ANKARA (Combined Sources)– A Washington-based human rights group has accused Turkey of subjecting mental health patients to serious abuses–including electric shock treatment without anesthesia–and is urging the European Union to demand an end to the practices.
The report–by Mental Disability Rights International–came after several visits in the past year by the group’s investigators to Turkish psychiatric hospitals and was published days before Turkey is scheduled to begin negotiations to join the EU.
"As the European Union meets to consider Turkey’s human rights record? we ask them to demand action by the government of Turkey to end these human rights violations," the report concluded.
According to the report–people with mental or psychiatric disorders are "subjected to treatment practices that are tantamount to torture."
The group said electric shock therapy was "massively overused in Turkish psychiatric facilities in cases for which there is no clinically proven justification," and that they were used as a form of punishment.
Electric Shock Therapy is normally administered with anesthesia and muscle relaxants. Without them it can be painful–terrifying–and dangerous. Patients can break jaws or crack vertebrae during the induced seizures.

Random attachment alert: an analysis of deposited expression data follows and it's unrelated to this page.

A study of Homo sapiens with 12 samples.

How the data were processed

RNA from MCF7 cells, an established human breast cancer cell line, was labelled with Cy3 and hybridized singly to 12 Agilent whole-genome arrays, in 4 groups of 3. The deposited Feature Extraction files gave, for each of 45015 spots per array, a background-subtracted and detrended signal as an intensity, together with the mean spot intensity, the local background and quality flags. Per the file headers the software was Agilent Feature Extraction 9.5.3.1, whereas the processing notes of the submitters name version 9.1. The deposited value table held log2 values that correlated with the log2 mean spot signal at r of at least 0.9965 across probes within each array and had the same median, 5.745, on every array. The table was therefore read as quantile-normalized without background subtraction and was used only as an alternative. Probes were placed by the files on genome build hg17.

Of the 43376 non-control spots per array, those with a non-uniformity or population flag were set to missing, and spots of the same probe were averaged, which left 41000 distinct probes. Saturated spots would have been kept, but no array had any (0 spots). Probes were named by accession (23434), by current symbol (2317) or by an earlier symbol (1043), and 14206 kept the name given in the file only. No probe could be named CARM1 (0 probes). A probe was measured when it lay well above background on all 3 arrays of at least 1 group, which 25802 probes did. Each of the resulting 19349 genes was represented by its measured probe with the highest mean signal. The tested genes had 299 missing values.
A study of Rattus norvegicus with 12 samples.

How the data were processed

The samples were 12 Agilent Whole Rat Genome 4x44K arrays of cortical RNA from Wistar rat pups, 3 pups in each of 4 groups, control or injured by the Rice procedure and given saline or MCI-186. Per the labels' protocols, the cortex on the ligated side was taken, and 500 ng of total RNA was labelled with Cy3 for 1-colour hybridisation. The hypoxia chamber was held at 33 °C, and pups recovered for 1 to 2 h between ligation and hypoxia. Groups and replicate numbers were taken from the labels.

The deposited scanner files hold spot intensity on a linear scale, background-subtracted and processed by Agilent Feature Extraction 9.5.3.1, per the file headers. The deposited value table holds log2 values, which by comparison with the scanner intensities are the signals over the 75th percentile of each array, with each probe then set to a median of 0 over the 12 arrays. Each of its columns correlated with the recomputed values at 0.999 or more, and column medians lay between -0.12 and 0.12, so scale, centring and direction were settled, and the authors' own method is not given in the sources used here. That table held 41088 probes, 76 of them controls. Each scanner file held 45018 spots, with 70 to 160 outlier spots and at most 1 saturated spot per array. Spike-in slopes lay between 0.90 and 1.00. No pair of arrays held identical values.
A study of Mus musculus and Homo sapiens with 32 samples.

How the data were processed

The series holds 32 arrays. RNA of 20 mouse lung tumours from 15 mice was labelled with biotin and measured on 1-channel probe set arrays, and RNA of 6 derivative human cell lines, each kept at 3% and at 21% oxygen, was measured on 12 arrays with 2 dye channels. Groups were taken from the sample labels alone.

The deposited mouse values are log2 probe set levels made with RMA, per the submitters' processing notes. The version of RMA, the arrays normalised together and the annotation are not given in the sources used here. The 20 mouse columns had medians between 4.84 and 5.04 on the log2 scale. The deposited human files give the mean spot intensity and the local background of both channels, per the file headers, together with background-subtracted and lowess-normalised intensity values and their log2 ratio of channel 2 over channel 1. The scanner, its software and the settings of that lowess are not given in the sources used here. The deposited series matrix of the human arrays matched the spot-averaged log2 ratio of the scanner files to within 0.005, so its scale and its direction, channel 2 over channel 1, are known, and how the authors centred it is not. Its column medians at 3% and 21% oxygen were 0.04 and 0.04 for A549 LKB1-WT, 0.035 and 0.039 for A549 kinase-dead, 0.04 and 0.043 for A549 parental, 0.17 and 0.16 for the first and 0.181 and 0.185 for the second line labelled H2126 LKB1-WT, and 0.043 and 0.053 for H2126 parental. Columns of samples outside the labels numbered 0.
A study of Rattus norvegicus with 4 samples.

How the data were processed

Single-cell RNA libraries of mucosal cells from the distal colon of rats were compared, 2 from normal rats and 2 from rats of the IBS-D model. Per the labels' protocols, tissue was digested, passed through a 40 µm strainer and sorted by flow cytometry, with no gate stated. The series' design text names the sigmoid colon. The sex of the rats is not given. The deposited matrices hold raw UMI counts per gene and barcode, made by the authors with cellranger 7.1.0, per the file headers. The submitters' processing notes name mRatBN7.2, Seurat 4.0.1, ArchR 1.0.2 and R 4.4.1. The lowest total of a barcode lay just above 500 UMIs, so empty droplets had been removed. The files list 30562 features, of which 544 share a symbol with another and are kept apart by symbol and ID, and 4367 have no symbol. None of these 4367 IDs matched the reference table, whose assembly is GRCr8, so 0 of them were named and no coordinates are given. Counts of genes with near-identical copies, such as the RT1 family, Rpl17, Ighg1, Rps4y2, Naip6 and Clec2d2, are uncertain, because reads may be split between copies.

The investigators also found that the treatment was used as punishment. The report describes patients being dragged to electroshock therapy in straitjackets and forcibly held down during the procedure.
"If we use anesthesia the ECT [electroconvulsive therapy] won’t be as effective–because they won’t feel punished," the report quotes Musa Tosun–the director of the electroconvulsive therapy center–as saying.
Referring to that statement–Eric Rosenthal–the founder of the rights group–said in a telephone interview from Istanbul–"That was one of most horrifying statemen’s I’ve ever heard in 12 years of doing this work."
Much of the documented abuse took place in orphanages and rehabilitation centers for children with developmental or intellectual disabilities. Investigators saw emaciated and neglected children–many of whom had behavioral problems that were likely to have been the result of mistreatment rather than pre-existing illness–Rosenthal said.
"We saw children who were essentially abandoned–starving–tied down to their beds," he said–adding that investigators had not been allowed to see the worst wards.
Although the center keeps no mortality records–a footnote in the report notes that the large number of admissions without a corresponding number of discharges suggests that many children die at the center.
"We believe there’s a very high death rate in these facilities," Rosenthal said.
Turkish Health Ministry officials were not immediately available for comment.